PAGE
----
Buildings raised to avoid river flooding, Feng Huang, China

Buildings raised to avoid river flooding, Feng Huang, China. Photo by Trey Ratcliff via Flickr, used under CC BY NC SA 2.0.

 

Last week resilience was the theme of the Commonwealth People’s Forum (CPF) held in Malta (23-26 November 2015). The Forum formed part of the lead up to the Commonwealth Heads of Government Meeting (CHOGM), which was held over the weekend.

The aim of the CHOGM (this year themed Adding Global Value) was to use the strengths of the Commonwealth in international politics to influence, and eventually effect, global change. The hope is that the Commonwealth can provide leadership in areas missed by other global institutions, and thus improve the lives of Commonwealth citizens.

The CPF however gives the chance for exchange between civil society representatives and policymakers. As mentioned, this year’s theme was resilience or specifically ‘What makes societies resilient?’ This covered a variety of issues prominent in the Royal Society’s Resilience to Extreme Weather’ report launched in November 2014 at the Commonwealth Science Conference in Bangalore. The common discussion points discussed at this year’s CFP were:

Indigenous knowledge as a driver of resilience

Innovative farming practices in the Sahel

Innovative farming practices in the Sahel. Photo by M. Tall (CCAFS West Africa) via Flickr, used under CC BY NC SA 2.0.

Using indigenous or local knowledge and engaging the local community in building resilience is paramount (see Chapter 4 of our report). Extreme events have local characteristics and managing them requires local communities and administrators to help plan and implement locally-relevant policy.

An example of successful local resilience highlighted in our report is in the Sahel, in southern Niger, which is prone to drought. To encourage crops to grow farmers dig pits (zai) and fill the holes with organic matter, attracting termites that aid rainfall infiltration. Trees and crops planted in the pits do well because they also collect runoff from rainwater. This reforestation has resulted in the re-growth of over 200 million trees.

Planning for resilient urbanisation

It is estimated that the proportion of the global population living in urban areas will increase from 50 to 75 % by 2050. This means there will be huge pressure on the resources of cities and increasing exposure to extreme events, potentially undermining cities’ resilience (see Emma Woods’ blog).

Surat, India

Surat, India. Photo by Setu Vakkil via Flickr, used under CC BY NC SA 2.0.

We highlighted Surat, India in our report. Surat is home to 4.5 million people and growing. In 2006 expansion of the city included the under-privileged coastal area, meaning that 71,000 homes are now prone to tidal flooding and 450,000 are at risk from emergency dam releases (see Chapter 5 of our report). Further urbanisation is exacerbating this problem.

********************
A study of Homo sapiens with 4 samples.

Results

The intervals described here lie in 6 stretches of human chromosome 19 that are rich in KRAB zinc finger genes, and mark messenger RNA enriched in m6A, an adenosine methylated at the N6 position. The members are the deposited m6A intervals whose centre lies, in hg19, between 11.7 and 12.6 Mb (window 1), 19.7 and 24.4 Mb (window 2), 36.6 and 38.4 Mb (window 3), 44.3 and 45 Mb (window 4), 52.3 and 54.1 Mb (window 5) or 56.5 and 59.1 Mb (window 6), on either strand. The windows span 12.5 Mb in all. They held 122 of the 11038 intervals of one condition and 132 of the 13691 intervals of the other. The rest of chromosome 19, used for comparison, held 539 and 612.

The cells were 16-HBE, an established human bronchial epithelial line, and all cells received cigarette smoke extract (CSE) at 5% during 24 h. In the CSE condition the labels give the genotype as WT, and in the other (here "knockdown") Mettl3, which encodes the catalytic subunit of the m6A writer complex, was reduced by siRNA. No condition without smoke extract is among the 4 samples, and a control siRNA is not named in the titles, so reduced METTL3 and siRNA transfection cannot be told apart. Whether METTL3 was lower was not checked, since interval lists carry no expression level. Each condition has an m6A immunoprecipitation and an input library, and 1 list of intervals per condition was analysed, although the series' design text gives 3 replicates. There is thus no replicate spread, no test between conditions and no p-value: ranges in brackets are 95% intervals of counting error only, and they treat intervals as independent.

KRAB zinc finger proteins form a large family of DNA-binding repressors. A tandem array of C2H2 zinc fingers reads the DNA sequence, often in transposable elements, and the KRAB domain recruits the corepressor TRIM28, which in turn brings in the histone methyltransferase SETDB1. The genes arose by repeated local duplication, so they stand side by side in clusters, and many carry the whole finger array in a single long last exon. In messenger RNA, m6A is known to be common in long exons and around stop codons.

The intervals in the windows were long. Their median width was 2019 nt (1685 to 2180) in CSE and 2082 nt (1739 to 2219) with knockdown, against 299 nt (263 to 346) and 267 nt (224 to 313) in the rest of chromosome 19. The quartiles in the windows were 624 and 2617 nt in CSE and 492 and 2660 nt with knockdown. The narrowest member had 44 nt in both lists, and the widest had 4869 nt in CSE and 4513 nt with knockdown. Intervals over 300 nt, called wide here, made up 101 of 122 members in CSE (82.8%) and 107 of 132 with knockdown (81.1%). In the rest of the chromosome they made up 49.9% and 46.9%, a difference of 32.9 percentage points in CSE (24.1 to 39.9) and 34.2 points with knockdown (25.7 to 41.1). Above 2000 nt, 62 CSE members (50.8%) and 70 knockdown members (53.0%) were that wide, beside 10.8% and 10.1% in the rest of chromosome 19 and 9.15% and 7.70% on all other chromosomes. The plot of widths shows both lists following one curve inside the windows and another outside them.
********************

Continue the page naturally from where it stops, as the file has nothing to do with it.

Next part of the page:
Migration and resilience

One of the major findings of our report was the influence of demographic change on exposure to extreme weather (see Chapter 2 of our report and this blog post on population). We found that population growth and migration are likely to increase the number of people exposed to floods and droughts, and the number of over-65s exposed to heatwaves. This emphasised some of the negative effects that come with demographic change.

However, the UN proclaims that international migration could bring substantial benefits as part of an inclusive globalisation process.

Building resilient health systems for an ageing population

Residents undertake a community resource mapping exercise near Kabale, Uganda.

Residents undertake a community resource mapping exercise near Kabale, Uganda.

As mentioned above the elderly population is particularly vulnerable to heatwaves. The second Shared Socioeconomic Pathway (SSP2 – for more information see our report) projects there will be a large increase in the elderly population during this century. The CPF discussed how this would put strain on health services, financially and physically. A key part of building a resilient health system needs to call on consultations such as ‘The Madrid International Plan of Action on Ageing’. This focussed on 3 priority areas; older persons and development; advancing health and well-being into old age; and ensuring enabling and supportive environments.

Besides all these resilience-relevant discussion points at the CPF, the CHOGM itself formally endorsed the Gabarone Declaration. This was drafted at a Commonwealth Local Government Meeting in June, and again echoes many of the Society’s ‘Resilience to extreme weather’ messages around the need for local action and engagement.

Resilient societies, disaster risk reduction and sustainable development are high up on the UN’s agenda this year. The CHOGM and the CPF can hopefully add to this agenda and help create a resilient global population.